Way back in November, I read an article in The Paris Review that has stuck with me since. In the wake of abuse allegations leveled against Harvey Weinstein, writer Claire Dederer asked the question “What Do We Do with the Art of Monstrous Men?”

Dederer spends a lot of time contemplating the proper response to art by geniuses who have fallen from their pedestals as a result of bad (and in some cases criminal) behavior. Is it okay to enjoy a Woody Allen movie like Manhattan, considering the relationship the director initiated with his juvenile step-daughter? Can we still watch The Cosby Show and giggle at Cliff’s paternal humor?

What really interested me about the article though came towards the end:

There are many qualities one must possess to be a working writer or artist. Talent, brains, tenacity. Wealthy parents are good. You should definitely try to have those. But first among equals, when it comes to necessary ingredients, is selfishness. A book is made out of small selfishnesses. The selfishness of shutting the door against your family. The selfishness of ignoring the pram in the hall. The selfishness of forgetting the real world to create a new one. The selfishness of stealing stories from real people. The selfishness of saving the best of yourself for that blank-faced anonymous paramour, the reader. The selfishness that comes from simply saying what you have to say.

I have to wonder: maybe I’m not monstrous enough. I’m aware of my own failings as a writer—indeed I know the list to a fare-thee-well, and worse are the failures that I know I’m failing to know— but a little part of me has to ask: if I were more selfish, would my work be better? Should I aspire to greater selfishness?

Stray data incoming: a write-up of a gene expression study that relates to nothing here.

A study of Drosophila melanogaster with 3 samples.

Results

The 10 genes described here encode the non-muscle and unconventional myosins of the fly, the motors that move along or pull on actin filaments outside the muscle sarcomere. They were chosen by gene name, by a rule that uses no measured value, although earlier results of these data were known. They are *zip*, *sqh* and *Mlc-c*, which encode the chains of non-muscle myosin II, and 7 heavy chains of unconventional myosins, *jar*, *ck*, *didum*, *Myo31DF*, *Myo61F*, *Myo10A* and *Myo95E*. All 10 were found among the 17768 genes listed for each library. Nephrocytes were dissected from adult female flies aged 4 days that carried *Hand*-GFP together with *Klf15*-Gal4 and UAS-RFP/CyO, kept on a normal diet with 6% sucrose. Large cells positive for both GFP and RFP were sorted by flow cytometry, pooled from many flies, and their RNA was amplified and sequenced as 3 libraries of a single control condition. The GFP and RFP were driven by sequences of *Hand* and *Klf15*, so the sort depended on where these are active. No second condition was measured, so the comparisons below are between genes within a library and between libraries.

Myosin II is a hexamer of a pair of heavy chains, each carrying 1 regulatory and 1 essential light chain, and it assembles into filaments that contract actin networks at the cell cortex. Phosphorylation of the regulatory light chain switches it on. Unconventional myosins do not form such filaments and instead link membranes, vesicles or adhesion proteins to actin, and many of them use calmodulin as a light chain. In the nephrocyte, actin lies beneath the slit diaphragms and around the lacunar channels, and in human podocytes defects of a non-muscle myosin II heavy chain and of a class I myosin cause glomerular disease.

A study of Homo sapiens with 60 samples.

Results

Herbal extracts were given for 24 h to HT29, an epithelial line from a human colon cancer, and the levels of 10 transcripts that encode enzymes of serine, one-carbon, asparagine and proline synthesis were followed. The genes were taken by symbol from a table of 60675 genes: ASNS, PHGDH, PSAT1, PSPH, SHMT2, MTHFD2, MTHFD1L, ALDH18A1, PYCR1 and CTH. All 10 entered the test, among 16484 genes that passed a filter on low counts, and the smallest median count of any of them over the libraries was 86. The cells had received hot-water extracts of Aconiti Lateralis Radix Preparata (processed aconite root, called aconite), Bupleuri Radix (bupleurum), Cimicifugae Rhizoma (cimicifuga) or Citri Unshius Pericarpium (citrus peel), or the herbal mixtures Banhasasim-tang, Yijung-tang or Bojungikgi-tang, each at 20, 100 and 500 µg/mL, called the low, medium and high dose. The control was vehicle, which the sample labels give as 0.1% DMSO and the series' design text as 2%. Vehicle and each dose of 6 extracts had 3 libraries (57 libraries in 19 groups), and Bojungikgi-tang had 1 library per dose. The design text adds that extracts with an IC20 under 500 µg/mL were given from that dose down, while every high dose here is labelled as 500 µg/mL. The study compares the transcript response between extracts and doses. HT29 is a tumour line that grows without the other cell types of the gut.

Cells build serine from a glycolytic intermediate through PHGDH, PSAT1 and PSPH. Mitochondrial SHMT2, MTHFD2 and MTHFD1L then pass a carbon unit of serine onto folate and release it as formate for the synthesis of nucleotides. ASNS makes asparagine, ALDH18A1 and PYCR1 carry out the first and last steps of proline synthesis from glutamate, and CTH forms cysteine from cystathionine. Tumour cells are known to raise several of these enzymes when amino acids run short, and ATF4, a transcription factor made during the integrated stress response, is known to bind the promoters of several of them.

Every writer-mother I know has asked herself this question. I mean, none of them says it out loud. But I can hear them thinking it; it’s almost deafening. Does one identity fatally interrupt the other? Is your work making you a less-good mom? That’s the question you ask yourself all the time. But also: Is your motherhood making you a less good writer? That question is a little more uncomfortable.

This resonates with me because I’ve experienced the struggle. I am selfish enough to write a novel. Even a series of novels. But I also feel overwhelmed by the guilt of letting other things – equally important things – go as I lose myself in a story.

I’m fortunate to have a husband who encourages me to feed the selfish monster in me who demands my undivided attention. My son has reached the teen years and blessed me with a level of indifference that assuages my guilt when I’m showering imaginary people with the love that is normally reserved for family and friends.

But even with their support (or lack of interest), I’ve got to resist that pre-programmed misogynist twaddle that says men may sacrifice themselves to their art, but a woman can only sacrifice herself to her family.


I don’t want to sacrifice myself at all.

It doesn’t feel necessary.

My husband won’t starve if he has to make himself a sandwich. My son won’t turn into a sociopath if I don’t shower him with constant care. In fact, if I recognize that I’m better off when I have time to follow my own pursuits and make my own mistakes, I have to assume that they’ll be better off without me swooping in to take over for them with my Wonder Woman super powers every time they need something.

Or maybe that’s just the monster in me, making a case for self-defense.